Growth hacker, Growth enabler, Growth manager, Growth marketer……….
Growth is the term that has swiftly moved from being part of responsibilities in the job description to be a vital part of job designations.
Early-stage start-ups(IT/tech) across the globe use growth as a unique role, associated predominantly with marketing, sales, and affiliated strategies. The term ‘growth hacking’ originated with Sean Ellis, an entrepreneur, and marketer who has worked with Dropbox, Xobni, LogMeIn, and Uproar, back in 2010. He was a driving force behind the accelerated growth of these companies. For example, Dropbox also rewarded users for signing up. Instead of paying them, it gave users and their friend’s additional storage space. This resulted in new users and to Dropbox, growth meant onboarding more users.
Similarly, any start-up, whether its B2C or B2B needs to, quickly acquire new customers, generate revenue, get feedback, improve the product, and build upon it. This growth pattern can be observed majorly in investment-backed or VC funded start-ups to justify their projections.
In the above scenarios, the GOALs are user acquisitions, customer growth, etc., while the MEDIUM taken is common – marketing. Growth marketers or Growth Hackers were responsible for identifying the marketing channels, strategies to achieve accelerated growth.
But, what if the organization’s goal is not just to achieve new users/customers?
The context we discussed so far majorly relates to tech-based applications. In industries like manufacturing (non-tech based) which have multiple business lines, achieving new customers, and customer acquisition is not the only goal.
So, the ‘growth’ strategy does not apply for Non-tech, core manufacturing enterprises?
Through our experience of working on 300+ strategic projects with C-level executives, business heads, VPs, partners of our Fortune 500, global 2000 listed clients, we have realized that ‘growth hacking’ strategy does exist in large organizations as well. Large enterprises with several business lines, multiple in-house technologies, global market presence also strive to ‘grow’, but the goals/objectives of growth is not just limited to user acquisitions. The definition of growth varies from start-ups to large enterprises.
How ‘Growth’ differs in Large Enterprises?
There are plenty of examples, which reinforce the fact that the top companies(non-tech) of the world, have seen growth through market diversification, moving both vertically and horizontally in the value chain. Consumer-centric companies like P&G, Lo’Real, Nestle, etc. grew by entering new markets, with customized products and portfolios. Whereas Electronics & Components giants such as Samsung, Panasonic, Intel, Fujifilm built their empires but penetrating not only into consumer electronics but also leveraging their technology expertise into B2B business as well.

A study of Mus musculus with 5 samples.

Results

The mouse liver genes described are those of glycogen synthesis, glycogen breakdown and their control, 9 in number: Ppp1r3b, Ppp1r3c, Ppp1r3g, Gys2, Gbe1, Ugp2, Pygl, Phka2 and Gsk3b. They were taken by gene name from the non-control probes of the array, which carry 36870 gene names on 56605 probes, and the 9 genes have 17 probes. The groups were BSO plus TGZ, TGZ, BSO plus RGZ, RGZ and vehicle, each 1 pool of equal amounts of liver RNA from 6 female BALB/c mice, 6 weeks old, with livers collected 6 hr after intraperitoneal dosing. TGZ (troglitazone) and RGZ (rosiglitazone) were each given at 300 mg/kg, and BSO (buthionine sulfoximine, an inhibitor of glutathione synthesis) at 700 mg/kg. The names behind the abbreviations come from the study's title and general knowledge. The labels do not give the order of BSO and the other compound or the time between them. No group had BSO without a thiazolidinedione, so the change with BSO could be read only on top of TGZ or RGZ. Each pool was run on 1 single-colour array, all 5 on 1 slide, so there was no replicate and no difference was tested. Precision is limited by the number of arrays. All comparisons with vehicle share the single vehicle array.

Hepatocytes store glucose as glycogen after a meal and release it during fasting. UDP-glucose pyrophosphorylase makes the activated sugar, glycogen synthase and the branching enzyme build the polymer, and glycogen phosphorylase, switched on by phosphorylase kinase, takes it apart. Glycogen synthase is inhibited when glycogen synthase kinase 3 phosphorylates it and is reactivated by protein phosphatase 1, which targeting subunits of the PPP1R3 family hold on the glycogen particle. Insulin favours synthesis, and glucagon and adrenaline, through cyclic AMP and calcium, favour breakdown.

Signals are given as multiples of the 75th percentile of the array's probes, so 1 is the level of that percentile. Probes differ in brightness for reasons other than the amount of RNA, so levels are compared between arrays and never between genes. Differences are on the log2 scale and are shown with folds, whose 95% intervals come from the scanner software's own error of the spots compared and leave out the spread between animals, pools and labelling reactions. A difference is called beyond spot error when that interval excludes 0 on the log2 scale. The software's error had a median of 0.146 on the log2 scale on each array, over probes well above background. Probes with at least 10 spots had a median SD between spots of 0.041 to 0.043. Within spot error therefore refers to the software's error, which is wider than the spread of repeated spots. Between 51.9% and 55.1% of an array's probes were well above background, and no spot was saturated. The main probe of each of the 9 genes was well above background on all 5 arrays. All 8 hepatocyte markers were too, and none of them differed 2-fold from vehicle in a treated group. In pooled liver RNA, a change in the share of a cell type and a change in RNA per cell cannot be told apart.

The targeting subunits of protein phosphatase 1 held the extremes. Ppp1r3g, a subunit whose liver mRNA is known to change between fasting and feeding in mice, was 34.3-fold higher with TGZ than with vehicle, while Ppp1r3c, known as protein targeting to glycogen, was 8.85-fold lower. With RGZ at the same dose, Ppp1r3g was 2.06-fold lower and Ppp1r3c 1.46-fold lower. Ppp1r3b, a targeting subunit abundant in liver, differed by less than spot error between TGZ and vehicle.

These companies have seen immense business growth through various mediums – external collaboration, developing internal capabilities, adopting digital strategies, diversifying into new markets, introducing a new product, or a combination of any of these, to name a few – and are not solely dependent on marketing/business development efforts alone. Growth is considered specific to a specific geography, in-house technology, or a business line, etc.
On contrary, in IT/Tech start-ups where there are designated ‘growth hackers’, large enterprises do not identify them with such titles. High-performing individuals such as partners, VPs, senior managers, etc. who have proven track records are moved from operational roles and promoted to lead the growth. These growth leaders identify growth opportunities, build strategies, work with multiple stakeholders to achieve growth for the department or business unit or technology or market they are associated with. They are responsible for driving the ‘growth’ of their respective business lines either by using a single strategy like external collaborations, digital transformation, or a combination of multiple strategies.
Large enterprises have started realizing the importance of identifying, grooming these growth leaders across the organizations to seed continuous growth initiatives. Rapidly changing market scenarios, technology advancements, fading geographical boundaries, resulting in cross-industry business opportunities. To become a global leader or to preserve that, enterprises need to evolve and keep growing into the new business, new markets continuously.
After years of experience helping #growthleaders from varied industries, geographies on Ideapoke has categorized them as below, considering the growth objectives, professional background, department/function, roles & responsibilities:
- New Market/New Business
- Research & Development
- Digital Transformation
Ideapoke is launching #Growthleaders Each of the above growth leader categories has a different goal, skill set, and strategy to follow. In our upcoming article series #growthleaders, we will discuss each of these growth leaders in detail. The articles will discuss evolution, key attributes, technologies & tools for the success of #growthleaders with examples.